Nature Bulletin No. 367-A   January 31, 1970
Forest Preserve District of Cook County
George W. Dunne, President
Roland F. Eisenbeis, Supt. of Conservation

In Posey County, Indiana, on the Wabash River about 50 miles above its mouth, is the quiet little town of New Harmony. Its serenity and dignity are well-earned because New Harmony belongs to an aristocracy of villages that have made history. It was settle in 1815 by the Rappite colony led by the patriarchal George Rapp. With several hundred followers from Wurttemberg, Germany, he abandoned a previous experiment in western Pennsylvania, and purchased a tract of 40,000 acres along the Wabash. There they proceeded to form a community, named "Harmonie", based upon common ownership of property, constant toil, celibacy, and blind obedience to their spiritual leader, Rapp, after the manner of the primitive Christian church.

They erected massive buildings, including four community houses, a combination granary and fort (now a museum), and a church with columns of walnut, black cherry, and sassafras. They cleared forests, drained swamps, put fields in cultivation, planted orchards and vineyards, and pastured large herds and flocks. The river was dammed to furnish power for a gristmill and factories that produced foodstuffs, cloth, hats, boots, wagons, harness and whiskey for which they accepted only coin and notes of the Bank of the United States. They had branch stores at Vincennes, and at Shawneetown, Illinois. They prospered but a visitor wrote that during his entire stay he never saw one of them laugh. Finally, unrest among his flock, despised and opposed by their Hoosier neighbors, caused Rapp to sell out in 1825 and return the colony to Pennsylvania.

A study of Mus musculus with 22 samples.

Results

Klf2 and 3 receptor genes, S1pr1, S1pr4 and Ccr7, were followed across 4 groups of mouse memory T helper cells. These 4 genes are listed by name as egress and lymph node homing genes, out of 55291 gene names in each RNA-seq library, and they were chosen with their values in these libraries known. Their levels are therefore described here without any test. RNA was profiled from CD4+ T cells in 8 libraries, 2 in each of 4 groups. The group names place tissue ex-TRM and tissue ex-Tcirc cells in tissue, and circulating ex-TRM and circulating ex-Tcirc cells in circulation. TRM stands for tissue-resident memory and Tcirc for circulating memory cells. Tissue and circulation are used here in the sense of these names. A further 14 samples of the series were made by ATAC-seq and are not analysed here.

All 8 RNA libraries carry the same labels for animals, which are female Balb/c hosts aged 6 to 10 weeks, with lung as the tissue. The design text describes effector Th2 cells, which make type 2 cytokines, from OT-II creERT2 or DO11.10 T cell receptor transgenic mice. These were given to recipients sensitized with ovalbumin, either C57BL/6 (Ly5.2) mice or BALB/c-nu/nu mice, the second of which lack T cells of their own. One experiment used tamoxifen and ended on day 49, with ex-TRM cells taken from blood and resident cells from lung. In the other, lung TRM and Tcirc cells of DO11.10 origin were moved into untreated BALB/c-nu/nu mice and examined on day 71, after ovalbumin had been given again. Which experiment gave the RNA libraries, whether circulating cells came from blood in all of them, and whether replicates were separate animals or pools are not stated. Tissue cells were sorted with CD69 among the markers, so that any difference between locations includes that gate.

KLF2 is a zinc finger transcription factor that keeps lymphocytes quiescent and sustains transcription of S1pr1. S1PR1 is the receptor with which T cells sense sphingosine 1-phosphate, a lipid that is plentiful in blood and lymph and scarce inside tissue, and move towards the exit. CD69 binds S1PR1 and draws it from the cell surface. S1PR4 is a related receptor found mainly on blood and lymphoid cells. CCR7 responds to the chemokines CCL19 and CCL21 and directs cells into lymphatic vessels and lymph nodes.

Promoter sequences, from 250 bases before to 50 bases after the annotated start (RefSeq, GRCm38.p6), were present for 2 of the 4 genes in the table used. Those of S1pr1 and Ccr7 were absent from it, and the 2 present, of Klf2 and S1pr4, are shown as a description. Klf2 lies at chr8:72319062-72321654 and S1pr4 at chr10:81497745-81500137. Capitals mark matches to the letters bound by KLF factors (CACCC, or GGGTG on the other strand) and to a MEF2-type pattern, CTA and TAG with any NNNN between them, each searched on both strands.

It was purchased by Robert Owen, a wealthy Scotch industrialist and social reformer who visioned a new moral order, based on common ownership of property, free from "the evils of exploitation, poverty and competition". Renamed New Harmony and sponsored by important easterners, the new community had a thousand recruits. In 1826, they were joined by a boatload of distinguished scientists and teachers from both Europe and America. Naturally, this Utopia also attracted many cranks and crackpots. There was too much talk and too little work; too much egotism, rivalry, greed, laziness, and quarreling. The Rappite factories, buildings and fences became dilapidated, the harvests meager, and one group after another became disgusted and pulled out. The one bright spot was the schools which were far in advance of their time. The experiment failed but some of the able scientists and teachers stayed on. Until the Civil War, New Harmony was one of the scientific and educational centers of America.

William Maclure, wealthy Scotch geologist and educator, had been president of the Philadelphia Academy of Natural Sciences. He founded the U. S. Geological Survey, with headquarters at New Harmony for 17 years, and the Workingmen's Institute -- with its public libraries -- which he endowed. In addition to several able educators, there were Charles Le Sueur, French naturalist, painter and archeologist; Gerard Troost, Dutch geologist and chemist; Frances Wright, brilliant English writer, lecturer and reformer who founded the first women's literary club; and the American-born Thomas Say, often called "Father of American Zoology" because of his pioneer work on insects, fossils, shells and reptiles. Say was a member of many famous and scientific expeditions.

Four of Owen's sons were able prominent men who contributed much to the development of Indiana's schools and universities. Robert Dale Owen, as congressman, helped found the Smithsonian Institution and his flaming championship of emancipation influenced Abraham Lincoln's decision to free the slaves.

There's been more than moonlight on the banks of the Wabash.